Pizza Margherita


There are as many versions of pizza margherita as there are versions of apple pie. I am not saying mine is authentic, quintessential or the best. I will say it is darn good. It was one of those spur-of-the-moment creations that turned out better than expectations – crisp, bubbly crust, milky cheese, sweet tomatoes and pungent basil, all accented by a hint of garlic.

I was looking for a different kind of dinner the last time Rich and I had a date night. Nothing really was really sparking our interest, so I started thinking about what we had on hand. Half a pound of fresh mozzarella was begging to be used, the garlic and basil were flourishing in the garden and we had a container of grape tomatoes. Pizza margherita came to mind.

It was the perfect date night meal. Rich and I assembled it together and even had time to document the process with pictures. I can take no credit for the pics. Rich did them all since I was covered in flour and dough for much of the process.

I have a pizza stone, but I don’t always use it. This time I decided to pull it out and chuck it in the oven to preheat. I wanted to get the crust as crispy as possible, since it is a star player in a simple pizza like margherita.


And I did keep it simple, no sauce, and only olive oil and garlic, and a touch of Parmesan, in addition to the traditional mozzarella, basil and tomatoes. I did experiment with adding the basil at different times and we liked it best added during the last few minutes of baking so it didn’t burn.

All amounts in the recipe are approximate. You can’t really go wrong, unless you pile on too much stuff. I got a few too many tomatoes on some of the pizzas, so the middles were a little soggy. Use a lighter hand than you think with toppings and you will be fine.

I roll my pizza out on parchment paper when I am using my baking stone. I have had too many problems using cornmeal to keep the dough from sticking to the counter or the peel. Problems meaning folding pizza that splats cheese side down on the screaming hot stone. Parchment takes away a little of the crispness, but I’ll take it over smoke boiling out of the oven and inedible pizza. Do what works for you, though.


Download or print the recipe here.

Pizza Margherita
From The Cook’s Life
Makes 4 small to medium pizzas

1 recipe all-purpose pizza dough, or your favorite dough recipe
olive oil
1-2 cloves garlic, chopped
½ pound fresh mozzarella, sliced into ½-inch slices, slices cut into small wedges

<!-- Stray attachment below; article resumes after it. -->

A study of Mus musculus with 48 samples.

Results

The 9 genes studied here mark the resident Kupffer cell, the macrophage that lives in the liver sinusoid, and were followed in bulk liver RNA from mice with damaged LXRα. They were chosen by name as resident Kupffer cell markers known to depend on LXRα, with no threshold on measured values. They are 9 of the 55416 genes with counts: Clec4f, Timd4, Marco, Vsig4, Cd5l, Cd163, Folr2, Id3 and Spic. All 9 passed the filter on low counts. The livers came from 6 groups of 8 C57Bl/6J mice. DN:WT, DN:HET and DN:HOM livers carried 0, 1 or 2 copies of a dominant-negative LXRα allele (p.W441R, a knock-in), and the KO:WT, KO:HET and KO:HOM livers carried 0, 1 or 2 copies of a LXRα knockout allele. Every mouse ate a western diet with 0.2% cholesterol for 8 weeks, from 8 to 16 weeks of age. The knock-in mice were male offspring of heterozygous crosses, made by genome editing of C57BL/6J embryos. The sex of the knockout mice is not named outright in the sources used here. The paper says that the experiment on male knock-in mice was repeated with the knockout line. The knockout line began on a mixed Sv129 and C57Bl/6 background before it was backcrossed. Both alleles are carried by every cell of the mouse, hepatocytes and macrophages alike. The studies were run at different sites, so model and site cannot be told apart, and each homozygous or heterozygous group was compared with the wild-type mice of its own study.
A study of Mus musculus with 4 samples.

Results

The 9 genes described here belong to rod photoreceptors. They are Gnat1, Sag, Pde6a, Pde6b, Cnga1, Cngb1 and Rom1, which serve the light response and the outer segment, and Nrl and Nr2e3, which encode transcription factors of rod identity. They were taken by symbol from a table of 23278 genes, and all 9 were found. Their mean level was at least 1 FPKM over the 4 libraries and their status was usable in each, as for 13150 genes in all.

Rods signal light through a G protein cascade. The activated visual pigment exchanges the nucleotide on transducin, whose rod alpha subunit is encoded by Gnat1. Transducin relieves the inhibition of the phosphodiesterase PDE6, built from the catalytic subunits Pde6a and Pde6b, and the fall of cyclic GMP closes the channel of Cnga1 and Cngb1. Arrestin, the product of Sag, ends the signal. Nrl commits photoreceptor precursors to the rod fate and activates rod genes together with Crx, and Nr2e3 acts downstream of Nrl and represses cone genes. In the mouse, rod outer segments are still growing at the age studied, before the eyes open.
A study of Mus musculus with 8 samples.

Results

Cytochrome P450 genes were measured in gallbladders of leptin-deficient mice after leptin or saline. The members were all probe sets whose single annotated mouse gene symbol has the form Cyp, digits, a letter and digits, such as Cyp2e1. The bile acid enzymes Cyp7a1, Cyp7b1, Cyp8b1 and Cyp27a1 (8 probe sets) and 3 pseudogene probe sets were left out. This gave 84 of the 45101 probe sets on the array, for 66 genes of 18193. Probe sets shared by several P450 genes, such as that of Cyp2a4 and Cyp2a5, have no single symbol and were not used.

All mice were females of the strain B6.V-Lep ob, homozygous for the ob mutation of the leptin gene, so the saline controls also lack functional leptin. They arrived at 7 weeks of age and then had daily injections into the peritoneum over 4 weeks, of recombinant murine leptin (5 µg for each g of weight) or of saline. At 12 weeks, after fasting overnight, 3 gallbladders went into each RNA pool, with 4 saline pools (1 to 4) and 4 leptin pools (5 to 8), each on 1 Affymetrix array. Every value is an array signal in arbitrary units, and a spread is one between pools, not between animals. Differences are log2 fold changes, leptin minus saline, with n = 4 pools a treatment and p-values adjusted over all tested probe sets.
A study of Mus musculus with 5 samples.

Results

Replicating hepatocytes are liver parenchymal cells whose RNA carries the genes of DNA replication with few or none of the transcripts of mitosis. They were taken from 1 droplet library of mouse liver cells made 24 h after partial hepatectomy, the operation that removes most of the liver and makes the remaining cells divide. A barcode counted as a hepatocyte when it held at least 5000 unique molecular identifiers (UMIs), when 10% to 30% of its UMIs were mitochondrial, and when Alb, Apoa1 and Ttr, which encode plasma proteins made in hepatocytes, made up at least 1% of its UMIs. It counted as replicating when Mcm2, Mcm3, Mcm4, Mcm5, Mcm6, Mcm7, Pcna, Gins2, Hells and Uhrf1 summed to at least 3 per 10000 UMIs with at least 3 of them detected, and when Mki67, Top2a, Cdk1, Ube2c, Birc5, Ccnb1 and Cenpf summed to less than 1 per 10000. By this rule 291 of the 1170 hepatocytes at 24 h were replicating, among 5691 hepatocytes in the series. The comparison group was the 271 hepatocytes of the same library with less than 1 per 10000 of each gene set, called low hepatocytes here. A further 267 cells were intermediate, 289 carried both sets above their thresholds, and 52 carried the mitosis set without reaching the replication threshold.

1-2 small tomatoes or a handful of cherry or grape tomatoes, sliced thin or halved if cherry tomatoes
freshly grated Parmesan (not the green can stuff, please)
a handful of basil leaves, left whole or sliced into ribbons (I did some of both)

Preheat the oven to 500 degrees with a pizza stone, if you have one. If you don’t, you can still make the pizza.

Roll out a quarter of the dough onto parchment paper, if you are using a stone. If you aren’t, press or roll out the dough onto a greased baking sheet.

Top dough with a drizzle of olive oil. Sprinkle with garlic and scatter mozzarella over pizza. Add tomatoes between mozzarella slices. Top with grated Parmesan. Wait to add the basil, or it will burn.

Repeat with remaining dough and toppings as the first pizzas bake.

Bake the pizzas, 1-2 at a time, depending on size until the crust is brown on the bottom and edges and the cheese is starting to brown, 10-15 minutes. Times will be shorter with the stone, and will depend on how thick your crust is. Add the basil after 7-10 minutes, or wait to add it after the pizzas come out of the oven, if you prefer it that way.

Leftovers reheat well, especially in a skillet or on a griddle to re-crisp the bottom.

2 thoughts on “Pizza Margherita

  1. Sarah,
    This looks delicious. Makes me step back and think that the classics are classic for a reason. (Try telling that to my son about Huck Finn . . .) I’m glad you pulled out your stone, it really adds a lot. And parchment paper . . . don’t get me started on the failures due to sticky bottoms!
    I get around the crisp crust by shimmying the parchment out from under the pizza after several minutes of baking (like, when you’re adding the basil) so I can get a crisp crust and ease of movement.

    • Thanks, Kirsten! I don’t always take the time to use the stone, but I should more often. I love the way it makes the crust bubble and crisp. I thought about slipping the parchment out, but I went cheap last time, and you get what you pay for – any exposed parchment gets burned and brittle in the oven. And it isn’t as non-stick as it should be. I will give it a try next time and see if I can get it out. Gotta spend more next time – after I use up the rest of my 500 sheets!